Victor Niederhoffer on Being Wrong
Introduction (via Slate)
Niederhoffer’s e-mails suggested a man already obsessed with wrongness. In them, he referenced the statistical concept of path dependence; shared a series of proverbs about the game of checkers (of 5,000 such proverbs, he hazarded, about 250 concerned error); meditated on the difference between Type One mistakes (excessive credulity) and Type Two mistakes (excessive skepticism) (he himself is much more prone to Type One, he says: “I’m tremendously gullible”); observed that “one should be careful of multitasking or multiromancing”; sent me the citations for hoodoo in the Oxford English Dictionary (a hoodoo is something or someone that brings bad luck); and noted that the harpooner in Moby Dick would have made a great interview subject for this series. Finally, he pointed out that the word error< has no antonym. “In retrospect,” he wrote, “I know much too much about errors and much too little about the opposite, whatever it is.”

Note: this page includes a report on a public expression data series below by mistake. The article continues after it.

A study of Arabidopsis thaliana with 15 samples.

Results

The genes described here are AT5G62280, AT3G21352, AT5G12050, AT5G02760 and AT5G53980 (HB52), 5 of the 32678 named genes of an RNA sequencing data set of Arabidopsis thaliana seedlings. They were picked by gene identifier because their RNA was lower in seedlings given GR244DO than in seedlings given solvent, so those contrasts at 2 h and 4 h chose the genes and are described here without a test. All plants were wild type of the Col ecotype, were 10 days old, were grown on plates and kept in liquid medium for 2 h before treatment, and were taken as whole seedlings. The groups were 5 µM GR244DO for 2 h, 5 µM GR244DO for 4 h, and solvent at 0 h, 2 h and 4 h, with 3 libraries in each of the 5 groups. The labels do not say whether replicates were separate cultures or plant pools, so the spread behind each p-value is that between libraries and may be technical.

Interesting Excerpts (via Slate)
I’ve heard that Soros, among others, cautioned you against the Thai investment. Why didn’t you listen to the naysayers?
Well, Soros would be the first to tell you that his predictions are completely random. He never says anything that doesn’t jibe with his current position or his hoped-for outcome. And he’s chronically bearish. He’s chronically thinking that the world needs a central planner to put it to rights and that the market itself is too prone to disaster.
How did it feel to be so wrong in such a high-stakes situation?
It was my first real taste of total disaster. I had pretty much lived a charmed life until that time. I had won some awards as the best-performing fund the previous year, and I had never had a customer lose money with me. I had an unprecedented, too-good-to-be-true kind of record.